I was thinking about why Prince’s guitar solo during George Harrison’s RRHOF induction is so emotionally affecting. Of course he’s unbelievably incredible…a unique and unprecedented talent without a doubt. But even more than that, it’s his humility in stepping back and allowing someone who isn’t even a Hall of Famer to take the spotlight and have the main solo. Also…it may APPEAR that I am valuing Fe at the “group performance” of George Harrison‘s classic. But the truth is that the only reason I value it so deeply is because of Tom Petty’s personal support of Prince. Without Petty, it could’ve otherwise been a lacklustre dial-it-in performance by a bunch of complacent superstars. It is only because Tom Petty set all of the “petty” ego issues aside, and was secure enough as an artist to recognize that the music should come first, that he was then able to single-handedly provide the emotional support that allowed Prince to let his guard down and feel like he was actually welcome to be part of the performance (apparently, everyone else had given Prince the cold shoulder). Dhani Harrison (George’s son) also provides emotional support to Prince during the performance, although apparently afterwards, he commented that Prince should’ve toned it down. I understand this conflicted attitude of Dahni though – when it comes to the death of a parent, you ultimately end up having all kinds of defensive judgements and protectiveness issues.
I guess what I’m trying to say is that Tom Petty sent the blatantly obvious social cues that someone like me requires in order to feel welcome/included. If I had been going out on the town with that bunch of people, I would have stuck by Tom because he possessed the secure “feeling” ethics to not play any mental games with people’s emotions. I’m not sure which socionics type Prince is, but I’m guessing that he is Fi valuing. He is stiff and an obvious outsider during 3/4 of the performance. It is only after Tom Petty is emotionally brave enough to step forward and actually extend some emotional support, that Prince then becomes artistically invested. A lot of the joy I receive from watching Prince’s performance is from watching his authentic, lost in the moment facial expressions, as well as his emotional expression in the way that he opens up for and plays exclusively to Tom. In this way, Tom Petty is just as responsible for all of the praise that this epic performance consistently garners.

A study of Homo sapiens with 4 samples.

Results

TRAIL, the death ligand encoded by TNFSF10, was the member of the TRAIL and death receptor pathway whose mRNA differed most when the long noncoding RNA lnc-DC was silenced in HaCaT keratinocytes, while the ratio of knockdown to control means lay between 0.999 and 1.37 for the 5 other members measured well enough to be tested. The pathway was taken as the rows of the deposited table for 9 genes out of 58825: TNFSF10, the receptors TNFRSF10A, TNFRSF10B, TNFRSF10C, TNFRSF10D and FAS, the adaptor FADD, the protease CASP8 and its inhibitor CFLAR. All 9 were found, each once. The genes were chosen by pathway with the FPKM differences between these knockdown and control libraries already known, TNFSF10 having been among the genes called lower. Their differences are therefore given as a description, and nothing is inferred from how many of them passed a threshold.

With respect to Alanis Morissette’s debut television performance of You Oughtta Know on David Letterman, here is a quote from an audience member csilver522 who was present:
“I was in the audience for this. We had no idea who Alanis Morissette was (I don’t think anyone did at this point), and I remember being terrified by the intensity on stage. It was loud, angry, and passionate as can be, and watching this now, I realize I witnessed an epic musical performance. This is awesome, and I wish I had been able to appreciate it at the time, but I’m not sure Alanis wanted it that way. I think she wanted to scare us. She did.”
A performance of pure passion and emotion by Alanis as well as the band. For some reason—likely because I lack my own Se & Fi—I am somewhat soothed and in total admiration of people who can display this type of emotion and angst on my behalf. All while I lamely proclaim from a safe and emotionally insulated perch “ya that’s fucking right!” If anyone is wondering what Se HA is seeking – look no further, this is fucking it. Also, since Janice, I don’t think there’s been any hard rock band/accompaniment backing up such an emotional female singer. Good on that band, because they all fucking killed it (&RIP Taylor). Want to mention that Dave Navarro played guitar and Flea played bass on the studio version of this song.